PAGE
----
It's not that I'm afraid to die, I just don't want to be there when it happens. - Woody Allen
Spoken like a true New Yorker, Woody Allen has touched upon a common theme when it comes to talking about death - we don’t like to do it. On May 18th at the NYU Greenhouse Spaces the NYC OpenIDEO chapter invited 20 chapter members to talk about death. Our Chapter organized a ‘storytelling’ event around the “End-of-Life” openIDEO challenge where we held in-depth discussions on all aspects of death. In order to guide our discussion we looked to two local NYC organizations that are doing work in the field of Death:
First we invited, the Death Lab of Columbia’s Graduate School of Architecture, Planning, and Preservation to give an introductory talk on the challenges surrounding death in New York City. Karla Rothstein, Director of the Death Lab, highlighted the logistical considerations to consider with death, such as space for burials in a crowded city and environmental considerations with cremations, how can we balance these logistical concerns with emotional and behavioural aspects of losing a loved one. For example, how do we decide if the emotional desire to have a burial in New York city outweighs the environmental and economic costs associated?
We broke out into smaller groups of 4-5 to engage in more intimate discussion. We chose to use the model of the “Death Café” as an inspiration to structure the storytelling event. The idea of a Death Café comes from the work of Swiss sociologist Bernard Crettaz . Today, Death Cafés are held in over 29 countries; they invite participants to have free-flowing conversation around the topic of death.
During our break out conversations, we urged members to utilize human-centered design theorems such as empathy and to be broad in their discussions to gain insight and inspiration. In instances where it might be too difficult to talk about death we urged the use of analogous examples - perhaps the loss of a childhood toy, or an immigration visa, could be an analogous experience of grief. We also provided question prompts to all groups as to spark conversation.
Discussions resulted in great insights. Three big themes throughout:
The physical spaces ‘death’ inhabits: The issue of space and ‘memorials’ was discussed at length in several groups: without memorializing and mourning a death, one cannot move forward and get past it. One group talked about visiting places linked to death such as cemeteries, war museums, and memorials. We discussed how we felt and the impact it caused to each person. We also talked about how people who live around these places have to learn to deal with it every day.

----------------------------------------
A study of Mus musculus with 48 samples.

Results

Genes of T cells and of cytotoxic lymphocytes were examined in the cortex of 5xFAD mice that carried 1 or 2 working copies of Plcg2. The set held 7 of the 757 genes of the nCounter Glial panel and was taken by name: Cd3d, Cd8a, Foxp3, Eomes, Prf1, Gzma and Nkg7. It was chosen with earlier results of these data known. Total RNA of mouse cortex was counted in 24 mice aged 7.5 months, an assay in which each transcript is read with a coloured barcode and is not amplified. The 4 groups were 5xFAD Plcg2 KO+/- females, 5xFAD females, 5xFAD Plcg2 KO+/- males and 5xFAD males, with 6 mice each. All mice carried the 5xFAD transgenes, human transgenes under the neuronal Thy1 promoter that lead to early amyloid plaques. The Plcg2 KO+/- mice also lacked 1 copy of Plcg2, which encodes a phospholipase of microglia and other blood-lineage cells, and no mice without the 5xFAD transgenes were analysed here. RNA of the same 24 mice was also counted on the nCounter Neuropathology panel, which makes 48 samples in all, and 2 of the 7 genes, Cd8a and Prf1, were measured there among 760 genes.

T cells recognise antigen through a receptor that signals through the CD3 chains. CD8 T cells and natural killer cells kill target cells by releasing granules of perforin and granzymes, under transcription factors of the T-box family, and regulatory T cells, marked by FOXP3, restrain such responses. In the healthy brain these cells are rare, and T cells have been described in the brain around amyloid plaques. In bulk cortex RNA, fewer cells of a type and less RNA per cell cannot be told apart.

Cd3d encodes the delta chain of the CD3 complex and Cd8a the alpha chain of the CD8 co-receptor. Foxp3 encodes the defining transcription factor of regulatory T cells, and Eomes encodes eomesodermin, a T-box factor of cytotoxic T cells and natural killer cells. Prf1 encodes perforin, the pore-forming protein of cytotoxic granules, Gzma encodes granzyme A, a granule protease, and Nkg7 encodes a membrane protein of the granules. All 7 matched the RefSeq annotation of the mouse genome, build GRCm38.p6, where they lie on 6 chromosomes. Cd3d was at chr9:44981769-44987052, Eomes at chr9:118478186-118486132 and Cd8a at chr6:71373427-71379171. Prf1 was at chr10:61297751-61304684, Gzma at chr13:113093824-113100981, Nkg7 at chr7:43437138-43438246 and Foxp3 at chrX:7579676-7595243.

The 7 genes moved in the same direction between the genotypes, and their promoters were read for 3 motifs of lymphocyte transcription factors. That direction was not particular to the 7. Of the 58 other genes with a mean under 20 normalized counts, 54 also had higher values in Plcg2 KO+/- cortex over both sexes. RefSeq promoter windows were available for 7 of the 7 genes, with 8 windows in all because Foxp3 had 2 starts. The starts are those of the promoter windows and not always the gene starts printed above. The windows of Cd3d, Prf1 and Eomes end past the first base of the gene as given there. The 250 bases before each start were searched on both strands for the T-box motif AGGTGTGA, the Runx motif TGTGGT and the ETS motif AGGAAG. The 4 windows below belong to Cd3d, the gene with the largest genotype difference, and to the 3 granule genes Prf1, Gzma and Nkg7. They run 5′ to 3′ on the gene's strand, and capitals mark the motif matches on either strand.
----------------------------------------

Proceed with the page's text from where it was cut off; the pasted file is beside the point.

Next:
Cultural differences related to death: One conversation led to a comparison of rituals in India to those in the US. A member described personal experience in India where there was often no grave or “place to visit” (because of cremation practices).This led us to a discussion about cultural differences as well as personal preferences in burial and cremation.
When does ‘end-of-life’ start? This question was posed in light of the Death Lab’s presentation which focused on the “post-death” experience. How do we determine when our “end” begins? Is it a certain age or is it when the doctor says that you are in terminal state? When you have to go to be placed in someone else’s care (such as a nursing home)? This also led to issues of conversations in families and how often and early conversations arise in most households.
This meetup brought about lots of interesting elements, all closely related to death. In turn, facing people directly to a subject that is often unspoken of publicly, created an instant bond amongst individuals allowing them to exchange some poignant back and forth. We felt this meetup was extremely successful in the way that it was extremely relatable and very personal. Lots of inspiration emerged, and our members have expressed enthusiastic interest in the follow-up ideation meetup.
Check out these 2 entries on OpenIDEO!